Hoping for kernel of truth: If you volunteer for it, they will come
If you don’t want the Olathe Sweet Corn Festival to get creamed, it’s best to pipe up now and volunteer.
A handful of organizers have taken over initial planning to host this year’s 23rd-annual event, but they warn a festival won’t occur without an outpouring of volunteers.
“Five people can’t run an event for 5,000 people,” said Jeff Bachman, a festival board member. “We don’t know if it’s something we have to scale back on. We definitely want to see it happen.”
Bachman said organizers will decide after a 6 p.m. meeting Tuesday night at Harvest Community Church in Olathe whether the committee has enough volunteers to make a go of this year’s festival. Anyone is invited to attend the meeting and sign on to help coordinate the event. Those who cannot attend the meeting can telephone the three listed board members on the website for the Olathe Sweet Corn Festival, olathesweet cornfest.com.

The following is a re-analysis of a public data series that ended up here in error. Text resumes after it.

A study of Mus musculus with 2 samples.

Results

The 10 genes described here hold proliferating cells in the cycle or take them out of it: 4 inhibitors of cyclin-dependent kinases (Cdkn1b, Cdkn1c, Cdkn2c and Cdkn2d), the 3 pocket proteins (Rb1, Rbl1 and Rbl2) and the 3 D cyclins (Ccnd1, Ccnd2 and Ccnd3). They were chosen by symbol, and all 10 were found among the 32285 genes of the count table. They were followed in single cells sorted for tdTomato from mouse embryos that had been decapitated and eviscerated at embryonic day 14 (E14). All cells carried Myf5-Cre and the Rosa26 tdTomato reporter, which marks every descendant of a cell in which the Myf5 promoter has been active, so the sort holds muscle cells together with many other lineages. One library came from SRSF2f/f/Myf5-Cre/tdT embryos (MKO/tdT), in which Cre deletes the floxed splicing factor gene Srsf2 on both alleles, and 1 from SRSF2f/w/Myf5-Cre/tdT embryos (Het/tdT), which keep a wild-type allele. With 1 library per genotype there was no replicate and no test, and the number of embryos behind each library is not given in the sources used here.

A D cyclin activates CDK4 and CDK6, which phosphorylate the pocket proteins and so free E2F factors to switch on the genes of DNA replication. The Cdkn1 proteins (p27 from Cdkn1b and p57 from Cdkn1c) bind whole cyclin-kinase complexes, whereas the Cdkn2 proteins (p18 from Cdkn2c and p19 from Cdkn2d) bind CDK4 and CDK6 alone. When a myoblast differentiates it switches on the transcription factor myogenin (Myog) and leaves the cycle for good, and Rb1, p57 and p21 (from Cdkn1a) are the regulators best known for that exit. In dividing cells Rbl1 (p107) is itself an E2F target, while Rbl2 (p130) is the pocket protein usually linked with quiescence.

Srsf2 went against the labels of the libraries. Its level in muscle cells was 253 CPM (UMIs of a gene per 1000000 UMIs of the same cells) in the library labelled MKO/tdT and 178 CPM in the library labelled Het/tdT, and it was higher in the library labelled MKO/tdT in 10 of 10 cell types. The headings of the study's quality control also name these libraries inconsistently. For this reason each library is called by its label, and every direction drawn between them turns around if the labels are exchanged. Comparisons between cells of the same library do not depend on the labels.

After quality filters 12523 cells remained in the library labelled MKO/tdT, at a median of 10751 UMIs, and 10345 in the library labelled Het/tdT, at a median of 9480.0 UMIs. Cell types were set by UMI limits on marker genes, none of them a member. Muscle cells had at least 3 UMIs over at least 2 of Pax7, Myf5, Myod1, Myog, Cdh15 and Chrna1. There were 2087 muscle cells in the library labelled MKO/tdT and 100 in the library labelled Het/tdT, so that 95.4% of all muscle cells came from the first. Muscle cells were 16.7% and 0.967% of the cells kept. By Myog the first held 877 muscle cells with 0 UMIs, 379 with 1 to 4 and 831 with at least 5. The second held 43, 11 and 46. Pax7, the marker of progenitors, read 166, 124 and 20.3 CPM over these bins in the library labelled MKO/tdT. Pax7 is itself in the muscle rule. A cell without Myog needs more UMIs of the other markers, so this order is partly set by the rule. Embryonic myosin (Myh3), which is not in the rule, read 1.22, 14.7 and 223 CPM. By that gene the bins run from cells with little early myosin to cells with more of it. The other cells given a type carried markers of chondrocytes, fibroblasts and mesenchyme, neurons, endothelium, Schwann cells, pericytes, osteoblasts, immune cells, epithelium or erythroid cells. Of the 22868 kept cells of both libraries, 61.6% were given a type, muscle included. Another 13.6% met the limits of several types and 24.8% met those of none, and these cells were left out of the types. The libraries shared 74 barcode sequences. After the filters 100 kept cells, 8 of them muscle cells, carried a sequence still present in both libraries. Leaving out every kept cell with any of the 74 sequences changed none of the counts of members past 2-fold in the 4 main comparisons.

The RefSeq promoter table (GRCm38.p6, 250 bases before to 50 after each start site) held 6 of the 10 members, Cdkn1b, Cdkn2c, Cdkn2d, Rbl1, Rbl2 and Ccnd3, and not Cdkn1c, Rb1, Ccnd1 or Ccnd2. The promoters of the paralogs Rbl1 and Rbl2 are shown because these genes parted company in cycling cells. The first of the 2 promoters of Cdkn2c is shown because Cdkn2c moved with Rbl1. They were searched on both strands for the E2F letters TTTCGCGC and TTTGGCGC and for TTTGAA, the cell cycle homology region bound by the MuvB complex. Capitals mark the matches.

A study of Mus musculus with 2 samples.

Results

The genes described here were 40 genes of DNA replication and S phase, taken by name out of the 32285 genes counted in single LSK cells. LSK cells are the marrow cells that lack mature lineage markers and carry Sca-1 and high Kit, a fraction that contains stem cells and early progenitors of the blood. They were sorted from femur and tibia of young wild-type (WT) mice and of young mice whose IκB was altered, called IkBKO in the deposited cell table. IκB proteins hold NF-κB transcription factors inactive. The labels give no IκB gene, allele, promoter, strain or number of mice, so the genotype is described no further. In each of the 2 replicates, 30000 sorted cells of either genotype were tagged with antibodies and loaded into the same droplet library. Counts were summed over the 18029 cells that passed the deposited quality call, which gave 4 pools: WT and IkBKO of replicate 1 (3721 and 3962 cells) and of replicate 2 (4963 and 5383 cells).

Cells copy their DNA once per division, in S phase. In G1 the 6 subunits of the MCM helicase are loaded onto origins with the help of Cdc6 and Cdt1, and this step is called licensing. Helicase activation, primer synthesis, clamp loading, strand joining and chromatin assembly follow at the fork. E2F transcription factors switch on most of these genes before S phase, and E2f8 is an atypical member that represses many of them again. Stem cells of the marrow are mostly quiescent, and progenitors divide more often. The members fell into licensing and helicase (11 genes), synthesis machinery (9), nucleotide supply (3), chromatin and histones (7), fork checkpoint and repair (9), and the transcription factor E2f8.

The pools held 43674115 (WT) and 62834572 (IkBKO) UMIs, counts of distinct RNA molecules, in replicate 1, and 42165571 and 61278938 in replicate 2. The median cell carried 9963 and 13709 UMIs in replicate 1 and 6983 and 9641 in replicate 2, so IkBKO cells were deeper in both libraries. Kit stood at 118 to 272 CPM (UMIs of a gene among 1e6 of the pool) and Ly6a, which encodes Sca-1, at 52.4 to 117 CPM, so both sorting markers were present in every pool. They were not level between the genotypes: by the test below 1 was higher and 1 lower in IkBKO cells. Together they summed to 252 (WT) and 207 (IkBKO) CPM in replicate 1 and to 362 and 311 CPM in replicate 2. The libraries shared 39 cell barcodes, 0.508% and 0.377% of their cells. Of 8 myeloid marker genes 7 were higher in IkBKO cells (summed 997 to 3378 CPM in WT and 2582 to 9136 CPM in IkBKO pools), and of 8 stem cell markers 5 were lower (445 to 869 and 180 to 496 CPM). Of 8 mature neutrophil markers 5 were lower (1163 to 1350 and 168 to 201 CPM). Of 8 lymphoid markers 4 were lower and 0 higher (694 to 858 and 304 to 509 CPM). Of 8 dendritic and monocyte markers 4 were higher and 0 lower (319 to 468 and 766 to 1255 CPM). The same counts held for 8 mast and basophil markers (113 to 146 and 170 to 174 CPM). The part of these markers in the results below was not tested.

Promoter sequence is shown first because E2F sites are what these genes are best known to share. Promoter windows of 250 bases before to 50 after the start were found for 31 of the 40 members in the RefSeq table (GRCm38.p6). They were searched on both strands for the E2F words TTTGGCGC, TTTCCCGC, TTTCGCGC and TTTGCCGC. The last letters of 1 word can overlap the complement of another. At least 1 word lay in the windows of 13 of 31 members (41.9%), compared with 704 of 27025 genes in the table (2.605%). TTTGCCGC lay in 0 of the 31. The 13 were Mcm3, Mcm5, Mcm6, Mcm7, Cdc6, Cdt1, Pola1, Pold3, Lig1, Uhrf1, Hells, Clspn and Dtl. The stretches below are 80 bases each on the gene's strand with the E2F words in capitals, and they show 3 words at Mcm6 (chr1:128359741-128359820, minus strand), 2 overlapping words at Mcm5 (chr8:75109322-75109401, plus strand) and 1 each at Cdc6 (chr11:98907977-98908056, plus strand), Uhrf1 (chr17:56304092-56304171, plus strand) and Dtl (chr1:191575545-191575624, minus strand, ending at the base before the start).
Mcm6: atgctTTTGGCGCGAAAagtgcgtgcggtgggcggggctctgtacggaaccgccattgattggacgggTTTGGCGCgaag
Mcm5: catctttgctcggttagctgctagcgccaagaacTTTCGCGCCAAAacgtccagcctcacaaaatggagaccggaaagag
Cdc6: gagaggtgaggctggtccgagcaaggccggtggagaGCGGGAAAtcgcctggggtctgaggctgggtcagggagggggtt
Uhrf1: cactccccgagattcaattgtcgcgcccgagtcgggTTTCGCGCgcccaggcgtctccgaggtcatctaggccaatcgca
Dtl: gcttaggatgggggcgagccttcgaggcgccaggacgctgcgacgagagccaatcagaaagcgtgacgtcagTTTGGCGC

Bachman said an organization, or about 100 to 200 people, are needed to shuck, cook and hand out corn. Volunteers with Habitat For Humanity have volunteered in the past, and the organization was paid to do the work, Bachman said. Habitat has declined the duties this year, Bachman said.
In the past, church groups have helped clean up the festival grounds, also receiving some kind of compensation.
Bachman said receiving some sponsorships for the festival is important, but organizers are more concerned whether enough volunteers will be available to host the event.
“We need people to say, ‘Hey, we’ll be in charge of lining up vendors or checking porta-potties,’” he said.
Organizers pulled off last year’s festival after an on-again, off-again scare. The town of Olathe pulled its funding for the event last year. Town trustees said it was a tough decision, but was necessary to afford basic town services.
During some years, the festival operates at a loss.
Last year’s festival, dubbed “Back to our Roots,” was broached as a toned-down affair that attracted up to 5,000 visitors.
In its heyday, the Olathe Sweet Corn Festival operated as a multi-day event, luring country music stars like Travis Tritt, Joe Diffie and LeAnn Rimes with crowds swelling up to 20,000.